I have a vivid recollection of a great coach, John Scolinos of Cal Poly Pomona (CA), teaching our star national team Australian pitcher a change of pace pitch in about one minute. The reason the scene stays with me is because a week later the pitcher beat the World Champion Korean National Team at the under 19 World Championships with that same pitch.
Scolinos told the 18-year-old, “grip the ball with your fastball grip, turn the ball back slightly so that the second pads of your top fingers are touching the ball’s seams. When you release the pitch, see your five-year old sister at bat.”
Whether pitching to your little sister, a fellow youth player or a professional hitter, the concept of changing speeds among pitches is vital.
For example, coaches suggest that the fastball be thrown at three speeds: normal velocity that may be at 93-96 percent of maximum velocity; a BP fastball that is thrown at a lesser speed inducing the ball to be hit by a weak hitter; a fastball at 97-100% velocity may be thrown when the pitcher is ahead in the count.
The change up should also be used to destroy the hitter’s rhythm. The pitch should achieve a 10% velocity decrease, while having the hitter swing at the same arm action and release as the fastball. Pitchers desire that the ball be hit on a place on the bat other than the “sweet spot”. If the pitcher can throw a change up that appears to be a fastball, have the hitter swing and hit the ball for a slow grounder, the pitcher has done all that he can.
Another factor that bears on what to teach a young player is that ASMI (American Sports Medicine Institute) research regarding pitches shows that the change up produces less stress at the elbow and shoulder than the fastball, curveball and slider. For this reason alone the change up should be the second pitch taught to the youth pitcher.
While the change up should not replace the fastball as the pitcher’s primary pitch, for reasons of anatomical development of the pitcher and the resultant arm strength, it should in time become the youngster’s second pitch.
ASMI/ABF research shows that an average youth pitcher, ages 9 to 14, will pitch 370 game pitches during a spring season. The average amount of pitches per hitter is five. This means that the pitcher will face 74 hitters during the season.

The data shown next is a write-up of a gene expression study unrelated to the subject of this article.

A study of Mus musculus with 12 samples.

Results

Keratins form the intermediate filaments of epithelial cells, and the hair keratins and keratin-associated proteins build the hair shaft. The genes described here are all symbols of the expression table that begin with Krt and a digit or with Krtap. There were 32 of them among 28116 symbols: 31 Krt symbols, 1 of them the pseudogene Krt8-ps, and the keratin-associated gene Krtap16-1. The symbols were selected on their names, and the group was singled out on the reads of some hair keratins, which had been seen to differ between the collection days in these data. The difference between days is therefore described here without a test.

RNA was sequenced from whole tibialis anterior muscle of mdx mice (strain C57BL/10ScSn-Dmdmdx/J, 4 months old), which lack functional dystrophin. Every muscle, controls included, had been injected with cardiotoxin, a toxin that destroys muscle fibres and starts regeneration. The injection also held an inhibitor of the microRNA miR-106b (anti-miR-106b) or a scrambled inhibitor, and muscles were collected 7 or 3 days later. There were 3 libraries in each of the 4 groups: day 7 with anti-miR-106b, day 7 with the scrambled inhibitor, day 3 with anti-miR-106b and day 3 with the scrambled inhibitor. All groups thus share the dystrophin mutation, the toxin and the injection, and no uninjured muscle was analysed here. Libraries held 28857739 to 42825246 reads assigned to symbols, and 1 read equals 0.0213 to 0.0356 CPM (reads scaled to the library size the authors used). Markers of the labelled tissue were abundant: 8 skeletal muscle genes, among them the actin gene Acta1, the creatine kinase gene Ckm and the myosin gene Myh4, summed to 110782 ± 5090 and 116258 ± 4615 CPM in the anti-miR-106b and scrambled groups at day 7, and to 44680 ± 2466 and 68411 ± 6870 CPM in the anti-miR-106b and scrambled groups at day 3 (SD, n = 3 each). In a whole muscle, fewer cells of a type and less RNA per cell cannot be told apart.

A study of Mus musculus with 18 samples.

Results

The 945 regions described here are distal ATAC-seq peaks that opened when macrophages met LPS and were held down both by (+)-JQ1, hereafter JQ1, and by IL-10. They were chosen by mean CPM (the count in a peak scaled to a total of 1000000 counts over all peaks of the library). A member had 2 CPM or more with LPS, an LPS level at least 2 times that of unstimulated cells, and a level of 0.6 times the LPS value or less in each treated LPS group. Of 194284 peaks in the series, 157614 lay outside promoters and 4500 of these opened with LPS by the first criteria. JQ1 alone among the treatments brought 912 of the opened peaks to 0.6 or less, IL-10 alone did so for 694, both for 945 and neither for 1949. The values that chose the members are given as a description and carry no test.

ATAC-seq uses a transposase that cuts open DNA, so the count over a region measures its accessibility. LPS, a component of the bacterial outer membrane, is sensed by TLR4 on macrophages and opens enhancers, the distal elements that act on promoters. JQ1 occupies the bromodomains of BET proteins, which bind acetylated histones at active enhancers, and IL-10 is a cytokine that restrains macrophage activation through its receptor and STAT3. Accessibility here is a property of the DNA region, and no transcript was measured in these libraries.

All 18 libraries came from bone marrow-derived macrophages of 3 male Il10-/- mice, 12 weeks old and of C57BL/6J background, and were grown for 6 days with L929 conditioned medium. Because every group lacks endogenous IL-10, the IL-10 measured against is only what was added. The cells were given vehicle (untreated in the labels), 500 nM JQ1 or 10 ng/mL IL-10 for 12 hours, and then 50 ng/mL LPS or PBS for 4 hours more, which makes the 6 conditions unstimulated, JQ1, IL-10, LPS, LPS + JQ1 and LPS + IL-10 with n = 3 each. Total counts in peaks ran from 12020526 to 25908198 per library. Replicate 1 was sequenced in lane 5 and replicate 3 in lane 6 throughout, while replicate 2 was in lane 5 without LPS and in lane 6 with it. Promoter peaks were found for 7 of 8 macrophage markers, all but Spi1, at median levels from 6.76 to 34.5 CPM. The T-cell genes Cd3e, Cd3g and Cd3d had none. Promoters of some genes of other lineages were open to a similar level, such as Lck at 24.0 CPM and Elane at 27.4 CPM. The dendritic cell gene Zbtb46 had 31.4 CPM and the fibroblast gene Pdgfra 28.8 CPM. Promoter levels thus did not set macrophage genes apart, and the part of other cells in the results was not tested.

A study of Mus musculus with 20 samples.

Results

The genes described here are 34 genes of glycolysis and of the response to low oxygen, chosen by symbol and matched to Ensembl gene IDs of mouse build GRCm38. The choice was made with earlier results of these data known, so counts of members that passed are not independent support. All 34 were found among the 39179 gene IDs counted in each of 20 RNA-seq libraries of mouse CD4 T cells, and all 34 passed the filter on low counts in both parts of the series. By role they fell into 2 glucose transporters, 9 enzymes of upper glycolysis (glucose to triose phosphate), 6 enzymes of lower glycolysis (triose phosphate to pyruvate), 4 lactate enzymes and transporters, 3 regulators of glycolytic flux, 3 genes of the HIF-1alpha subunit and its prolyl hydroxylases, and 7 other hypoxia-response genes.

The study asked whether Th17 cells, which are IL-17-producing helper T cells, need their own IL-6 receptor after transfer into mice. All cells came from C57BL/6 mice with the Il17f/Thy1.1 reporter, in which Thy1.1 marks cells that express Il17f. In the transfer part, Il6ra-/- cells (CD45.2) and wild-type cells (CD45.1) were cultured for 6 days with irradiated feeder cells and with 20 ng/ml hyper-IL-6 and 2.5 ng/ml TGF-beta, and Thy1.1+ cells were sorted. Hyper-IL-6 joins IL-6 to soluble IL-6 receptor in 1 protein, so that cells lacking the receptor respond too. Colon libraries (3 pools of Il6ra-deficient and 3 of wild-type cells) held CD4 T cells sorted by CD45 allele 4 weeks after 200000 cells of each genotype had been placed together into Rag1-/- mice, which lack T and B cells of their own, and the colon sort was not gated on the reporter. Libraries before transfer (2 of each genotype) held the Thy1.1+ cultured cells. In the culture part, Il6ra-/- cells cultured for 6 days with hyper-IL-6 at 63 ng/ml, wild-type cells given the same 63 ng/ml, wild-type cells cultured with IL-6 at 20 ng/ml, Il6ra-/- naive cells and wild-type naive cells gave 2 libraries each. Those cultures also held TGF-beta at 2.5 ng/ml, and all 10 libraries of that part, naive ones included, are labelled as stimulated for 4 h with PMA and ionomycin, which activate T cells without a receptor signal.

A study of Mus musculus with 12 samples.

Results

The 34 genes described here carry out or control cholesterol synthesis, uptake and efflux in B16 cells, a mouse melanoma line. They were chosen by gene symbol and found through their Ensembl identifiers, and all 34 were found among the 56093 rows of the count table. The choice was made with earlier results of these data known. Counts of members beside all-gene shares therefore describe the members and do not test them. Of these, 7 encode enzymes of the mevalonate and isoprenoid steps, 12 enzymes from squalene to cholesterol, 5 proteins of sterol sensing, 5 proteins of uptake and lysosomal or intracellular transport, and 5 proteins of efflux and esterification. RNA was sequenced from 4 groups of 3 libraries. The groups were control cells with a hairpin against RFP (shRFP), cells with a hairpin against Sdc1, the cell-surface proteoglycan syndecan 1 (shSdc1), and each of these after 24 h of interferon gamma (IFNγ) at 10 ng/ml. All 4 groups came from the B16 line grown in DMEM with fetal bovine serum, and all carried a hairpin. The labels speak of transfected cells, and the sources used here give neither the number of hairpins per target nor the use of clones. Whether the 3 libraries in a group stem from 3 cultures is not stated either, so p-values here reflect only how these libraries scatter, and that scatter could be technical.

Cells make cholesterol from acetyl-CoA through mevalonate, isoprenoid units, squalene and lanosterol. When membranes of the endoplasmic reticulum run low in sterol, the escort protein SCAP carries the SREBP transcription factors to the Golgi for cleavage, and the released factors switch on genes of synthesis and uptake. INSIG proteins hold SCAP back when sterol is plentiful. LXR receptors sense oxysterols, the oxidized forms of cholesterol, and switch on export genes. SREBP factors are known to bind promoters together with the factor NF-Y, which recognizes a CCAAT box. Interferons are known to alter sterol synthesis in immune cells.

If the local rules protect the pitcher by pitch count of approximately 75 pitches per game (our research suggests that at the 75 pitch level and above, there is a 35% increased risk of elbow pain and a 52% increased risk of shoulder pain), then he/she will face 12 hitters per game. The frequent use of the change up reduces stress at the joints and if thrown for strikes, could reduce pitch counts as the hitters’ ground and fly out.
Our experience with young pitchers here in the USA is that the youngster needs a couple of seasons to develop the fastball, then the addition of the change up with a frequency of one of every five pitches allows the change to become part of the pitcher’s tool kit as he/she matures.
So pick up the ball and pitch it to your little sister!
David Osinski is the founder of theAmerican Baseball Foundation in Birmingham, AL. He specializes in injury prevention related to throwing and pitching mechanics and his Foundation translates research generated at the American Sports Medicine Institute (ASMI) into practical information for coaches, parents and players.Osinski has worked hard to promote the international growth of baseball, creating programs to introduce the sport in many countries. He was extremely influential in getting baseball recognized as a medal sport for the Olympic Games.
Osinski created the Baseball and Academic Skills Instruction Course (BASIC) for disadvantaged children in the United States, which includes reading, math, and sport skill programs designed to enhance the love of reading. He has written several coaching guides regarding the methodology of teaching baseball fundamentals, and in 2005 he was honored by the American Baseball Coaches Association with a Meritorious Service Award.